Virginia Tech one of 15 winning institutions for grant challenge to strengthen workforce learning, academic experiences
Virginia Tech has been selected as one of only 15 universities in the nation to participate in the initial phase of a $10 million grant challenge aimed at helping higher education institutions identify and expand new solutions that will improve career and life opportunities for more students of color, first-generation students, those who struggle to afford education, and adult students and workers.
The Strada Education Network, in partnership with the Taskforce on Higher Education and Opportunity for the Beyond Completion Challenge (BCC), announced Virginia Tech’s selection last week along with the 15 other institutions who will develop an initiative on their campuses or in collaboration with other organizations, to foster a more effective higher education experience.
“We’ve seen firsthand how the nature and quality of student engagement has a measurable impact on success and well-being long after graduation,” said Virginia Tech President Tim Sands. “The innovation grant will help us further develop a student experience strategy that is more effective and equitable, and can be shared with other institutions pursuing similar goals.”
Virginia Tech’s winning proposal focuses on expanding the university’s Presidential Scholars scholarship and student support program to reach more students from low-income households. Virginia Tech will also add research, project-based work, and paid internships to the program to facilitate student success in transition to the workforce. Grant funds through Strata will go toward supporting an additional 72 Presidential Scholars and expanded workforce learning opportunities.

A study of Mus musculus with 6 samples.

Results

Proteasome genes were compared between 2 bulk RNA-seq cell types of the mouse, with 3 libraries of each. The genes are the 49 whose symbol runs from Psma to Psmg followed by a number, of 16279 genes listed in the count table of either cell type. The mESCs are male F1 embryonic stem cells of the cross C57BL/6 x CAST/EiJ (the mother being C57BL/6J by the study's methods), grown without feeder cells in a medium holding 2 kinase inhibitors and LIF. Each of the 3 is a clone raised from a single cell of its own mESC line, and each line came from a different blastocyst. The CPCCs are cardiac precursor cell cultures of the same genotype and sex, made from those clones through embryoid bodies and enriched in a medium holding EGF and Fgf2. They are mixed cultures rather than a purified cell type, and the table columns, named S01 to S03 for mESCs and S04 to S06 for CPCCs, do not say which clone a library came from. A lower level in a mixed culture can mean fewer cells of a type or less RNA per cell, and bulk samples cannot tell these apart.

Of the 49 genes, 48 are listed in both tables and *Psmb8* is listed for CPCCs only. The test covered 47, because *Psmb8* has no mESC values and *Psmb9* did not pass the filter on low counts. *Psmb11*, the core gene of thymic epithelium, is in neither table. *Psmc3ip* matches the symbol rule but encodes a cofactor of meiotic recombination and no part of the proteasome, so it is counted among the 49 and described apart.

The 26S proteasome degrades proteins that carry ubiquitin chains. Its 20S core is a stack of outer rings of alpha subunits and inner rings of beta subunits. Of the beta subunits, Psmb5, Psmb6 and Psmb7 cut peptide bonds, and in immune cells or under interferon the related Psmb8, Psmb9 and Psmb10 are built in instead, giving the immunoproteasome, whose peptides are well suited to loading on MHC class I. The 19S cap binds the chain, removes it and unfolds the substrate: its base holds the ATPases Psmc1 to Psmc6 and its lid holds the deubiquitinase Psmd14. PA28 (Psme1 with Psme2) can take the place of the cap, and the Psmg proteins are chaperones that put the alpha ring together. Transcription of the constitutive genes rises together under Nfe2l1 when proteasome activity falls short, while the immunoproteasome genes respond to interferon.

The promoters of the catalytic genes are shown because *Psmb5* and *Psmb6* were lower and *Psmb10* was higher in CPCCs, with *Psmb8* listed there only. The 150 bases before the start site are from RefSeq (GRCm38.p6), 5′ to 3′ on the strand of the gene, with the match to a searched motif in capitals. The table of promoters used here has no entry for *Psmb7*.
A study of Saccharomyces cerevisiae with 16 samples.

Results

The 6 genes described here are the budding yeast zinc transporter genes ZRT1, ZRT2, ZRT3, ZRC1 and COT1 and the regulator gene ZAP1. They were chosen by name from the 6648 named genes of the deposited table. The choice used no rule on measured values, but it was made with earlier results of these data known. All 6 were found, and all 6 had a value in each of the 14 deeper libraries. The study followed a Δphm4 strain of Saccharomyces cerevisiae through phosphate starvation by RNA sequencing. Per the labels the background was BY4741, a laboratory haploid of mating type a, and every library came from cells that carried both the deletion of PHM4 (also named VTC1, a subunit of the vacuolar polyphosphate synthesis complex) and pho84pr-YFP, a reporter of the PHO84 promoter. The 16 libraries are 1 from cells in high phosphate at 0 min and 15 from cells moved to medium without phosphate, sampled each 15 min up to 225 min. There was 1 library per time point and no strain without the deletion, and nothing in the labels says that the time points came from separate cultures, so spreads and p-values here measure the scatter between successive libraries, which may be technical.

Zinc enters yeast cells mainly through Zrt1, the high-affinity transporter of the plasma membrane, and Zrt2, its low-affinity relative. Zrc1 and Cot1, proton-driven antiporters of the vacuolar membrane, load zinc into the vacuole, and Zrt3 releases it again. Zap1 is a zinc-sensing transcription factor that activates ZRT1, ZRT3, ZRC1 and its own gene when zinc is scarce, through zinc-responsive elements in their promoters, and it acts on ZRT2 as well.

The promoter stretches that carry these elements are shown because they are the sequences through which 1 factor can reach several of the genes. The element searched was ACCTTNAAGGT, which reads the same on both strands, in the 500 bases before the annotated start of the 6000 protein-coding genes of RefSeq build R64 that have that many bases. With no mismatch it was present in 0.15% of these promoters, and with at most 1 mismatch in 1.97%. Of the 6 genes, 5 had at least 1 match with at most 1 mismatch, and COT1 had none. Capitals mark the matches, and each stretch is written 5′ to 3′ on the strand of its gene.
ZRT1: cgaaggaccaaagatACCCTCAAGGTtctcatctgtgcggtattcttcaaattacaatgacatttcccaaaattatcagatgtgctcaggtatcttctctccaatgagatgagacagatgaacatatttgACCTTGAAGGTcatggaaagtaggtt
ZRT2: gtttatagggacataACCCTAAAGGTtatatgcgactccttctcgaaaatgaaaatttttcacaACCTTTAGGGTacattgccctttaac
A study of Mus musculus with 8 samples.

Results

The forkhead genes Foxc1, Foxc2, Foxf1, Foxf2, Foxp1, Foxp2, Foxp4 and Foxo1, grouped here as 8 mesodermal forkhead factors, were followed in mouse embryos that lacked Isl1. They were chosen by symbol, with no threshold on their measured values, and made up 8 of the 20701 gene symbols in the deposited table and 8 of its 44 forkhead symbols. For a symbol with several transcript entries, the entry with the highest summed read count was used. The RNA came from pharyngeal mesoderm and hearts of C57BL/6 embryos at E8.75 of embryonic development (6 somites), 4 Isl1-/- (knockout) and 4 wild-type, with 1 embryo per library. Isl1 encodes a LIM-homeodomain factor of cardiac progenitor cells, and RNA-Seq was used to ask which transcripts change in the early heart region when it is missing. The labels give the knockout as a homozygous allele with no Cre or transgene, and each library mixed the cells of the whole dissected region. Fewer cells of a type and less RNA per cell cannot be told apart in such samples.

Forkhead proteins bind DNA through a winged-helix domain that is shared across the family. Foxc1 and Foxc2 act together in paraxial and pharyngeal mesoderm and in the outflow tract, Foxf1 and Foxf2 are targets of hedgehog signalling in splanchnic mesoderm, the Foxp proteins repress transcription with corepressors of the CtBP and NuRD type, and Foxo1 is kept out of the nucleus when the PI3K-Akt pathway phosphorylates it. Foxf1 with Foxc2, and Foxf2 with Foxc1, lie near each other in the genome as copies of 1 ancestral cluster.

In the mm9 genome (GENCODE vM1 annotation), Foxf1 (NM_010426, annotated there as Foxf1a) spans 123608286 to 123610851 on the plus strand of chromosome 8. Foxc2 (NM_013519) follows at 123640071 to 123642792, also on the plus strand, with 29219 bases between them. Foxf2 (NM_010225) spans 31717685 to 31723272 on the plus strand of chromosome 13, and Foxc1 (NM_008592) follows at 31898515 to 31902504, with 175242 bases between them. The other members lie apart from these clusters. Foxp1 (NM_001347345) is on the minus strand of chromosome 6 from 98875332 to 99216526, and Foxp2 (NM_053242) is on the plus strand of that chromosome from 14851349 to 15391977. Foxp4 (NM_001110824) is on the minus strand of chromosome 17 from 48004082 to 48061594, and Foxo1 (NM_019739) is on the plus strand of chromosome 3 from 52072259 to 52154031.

“This award will serve to strengthen the connection between academic experiences and work-based learning opportunities for our students and help them transition to successful careers,” said Catherine Amelink, associate vice provost and co-lead for Virginia Tech’s BCC program. “The Strada funding and the related institutional commitment is an exciting partnership that will help Virginia Tech continue to address important considerations around access to multiple components of an undergraduate education and will give us a chance to think critically about how to scale programs that we know are having positive impacts in this space.”
Leadership for Virginia Tech’s effort comes through Undergraduate Academic Affairs and the Office of University Scholarships and Financial Aid who will collaborate to implement and promote the plan. The Phase One grants awarded through Strada are designed to support each institution’s curricular, career guidance and support, work-based learning, capacity building, and technology innovations.
“A strength of our Strada partnership is the opportunity we now have to work with businesses across the commonwealth to provide more internship opportunities to our students,” said Matt Holt, professor and department head for agriculture and applied economics, and BCC co-lead. “Internal data show that students with a paid internship have a much better chance of successfully obtaining first-destination employment upon completion. The Strada grant will help us build a sustainable ‘opportunity pipeline’ for a subgroup of our students that often struggle to find paid internship opportunities.”
Virginia Tech’s BCC initiative seeks to streamline the coordination among the Office of University Scholarships and Financial Aid, Student Success Center, Office of Career and Professional Development, and outside employers and industry partners to address successful career placement for a vulnerable undergraduate population. As a public land grant university, the initiative aligns with Virginia Tech’s priorities and strategic goals to increase enrollment among underrepresented, low-income students.
Results of the Phase One project will be used to fine-tune Virginia Tech’s philanthropic and corporate engagement efforts to generate additional need-based scholarship funds.
Strada launched the grant challenge with the understanding that students need an educational experience that connects learning with employment so that all students can secure a good job, do meaningful work, and lead a fulfilling life. The grants will support new projects and initiatives at Virginia Tech and at the other institutions that focus on equitable outcomes through and beyond college completion.